Report Shows Accelerated Adaptation Can Substantially Reduce Egypt’s Food Production Losses From Climate Change


Without significant climate change adaption measures,, climate change-induced biophysical crop stress could lead to a 10% reduction in the Egypt’s food crop yields by 2050 and cost the economy US$1.84 billion per year over the same period, according to new projections from researchers at the International Food Policy Research Institute (IFPRI). The same research also finds, however, that accelerating investments in adaptation measures – particularly agricultural research and development for adaptation technologies – can improve the productivity of many crops, including wheat and fruits and vegetables, enough to mostly offset total production losses from climate change,  generating overall food production in 2050 at approximately the same levels as a hypothetical future without climate change. For other crops, like maize or oil crops, accelerated adaptation is needed on global levels to ensure affordability of food for Egyptian consumers.

“These projections demonstrate how urgent investments in climate adaptation are, as well as how effective they can be in protecting livelihoods,” said Claudia Ringler, co-author of the study and deputy director of IFPRI’s Environment and Production Technology Division. “As world leaders develop their commitments for the United Nations Climate Change Conference COP26 in Glasgow, investments in adaptation, particularly through accelerated financing of agricultural research, should be a top priority.”

While the report notes Egypt’s agriculture sector weathered the recent COVID-19 pandemic and economic slowdown relatively well compared to other sectors, it is unlikely to do as well under climate change. The limited fertile land and scarce water resources in Egypt are likely to exacerbate the impact of climate change on food production, contributing to the substantial economic cost of climate change.

“Egypt has a vibrant and resilient agriculture sector with historically high productivity, despite the desert climate, but climate change will increase temperatures and reduce rainfall yet further – posing a major threat to agricultural production,” said Kibrom Abay, the leader of IFPRI’s Egypt Strategy Support Program.

The report examines a range of climate-resilient strategies for the agriculture sector in Egypt using sophisticated modeling to project the impacts of climate change on different crops as well as the impacts of a suite of technologies that can directly counter the impact of climate change.  

Impacts were modeled for food groups such as fruits and vegetables, roots and tubers, and oil crops, as well as several specific crops such as wheat, maize, rice, and sugar. Adaptation technologies and scenarios included improved soil fertility, water management, protection against crop pests and disease, and new seeds that improve tolerance to heat, drought, and other weather extremes. As many of these technologies work better in tandem, one adaptation scenario projected the impact of “stacking” these technologies together.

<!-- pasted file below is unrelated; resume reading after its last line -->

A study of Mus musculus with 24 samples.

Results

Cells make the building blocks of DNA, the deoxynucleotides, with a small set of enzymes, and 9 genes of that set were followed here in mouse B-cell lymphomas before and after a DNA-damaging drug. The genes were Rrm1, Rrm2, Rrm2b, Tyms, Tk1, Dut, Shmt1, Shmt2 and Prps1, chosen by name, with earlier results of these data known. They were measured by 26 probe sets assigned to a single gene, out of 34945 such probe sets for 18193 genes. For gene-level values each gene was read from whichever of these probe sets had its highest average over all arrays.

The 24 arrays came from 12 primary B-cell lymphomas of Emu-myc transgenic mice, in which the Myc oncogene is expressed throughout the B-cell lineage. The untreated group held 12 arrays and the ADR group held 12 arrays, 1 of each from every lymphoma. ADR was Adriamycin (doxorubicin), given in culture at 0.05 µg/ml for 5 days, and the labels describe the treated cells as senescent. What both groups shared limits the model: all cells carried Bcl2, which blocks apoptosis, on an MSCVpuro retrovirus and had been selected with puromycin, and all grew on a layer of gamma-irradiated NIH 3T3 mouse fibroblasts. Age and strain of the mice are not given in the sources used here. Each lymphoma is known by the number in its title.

Results indicate that this stacking approach may be the most effective, generating agricultural productivity gains that would offset the projected overall food production losses due to climate change for key food security crops. But even in this scenario, adaptations are not projected to completely offset yield losses from climate change for maize, oil crops and sugar. These disparate impacts on specific crops underscore how climate change is likely to cause shifts in Egypt’s agriculture and food production and food trade, even with accelerated adaptation efforts.

“There are no silver bullets in the fight against climate change and adapting to its impacts will require careful planning based on rigorous analysis. This report aims to assess the impact of climate change on Egypt’s agricultural sector and to explore the robustness of different investments in climate change adaptation by comparing the outcomes of these investments to a reference climate change scenario in which no specific adaptation effort is undertaken” said Yumna Kassim, Senior Research Associate at IFPRI, when asked about the report’s highly anticipated findings.

“At the end of the day, the future of Egypt’s agriculture in the face of climate change ultimately depends on the extent of its impacts and the policies and investment choices the government makes, as well as the possibilities for agricultural producers and consumers to adapt to these impacts and to take up solutions. This report shows the impact of climate change and presents the policies and investment strategies the government of Egypt may need to take” says Nicos Perez, lead author of the report and Research Fellow at IFPRI’s Environment and Production Technology Division, when asked about the main takeaway from the study.

The International Food Policy Institute (IFPRI) provides research-based policy solutions to sustainably reduce poverty and end hunger and malnutrition in developing countries. Established in 1975, IFPRI currently has more than 600 employees working in over 50 countries. It is a research center of the CGIAR, a worldwide partnership engaged in agriculture research for development.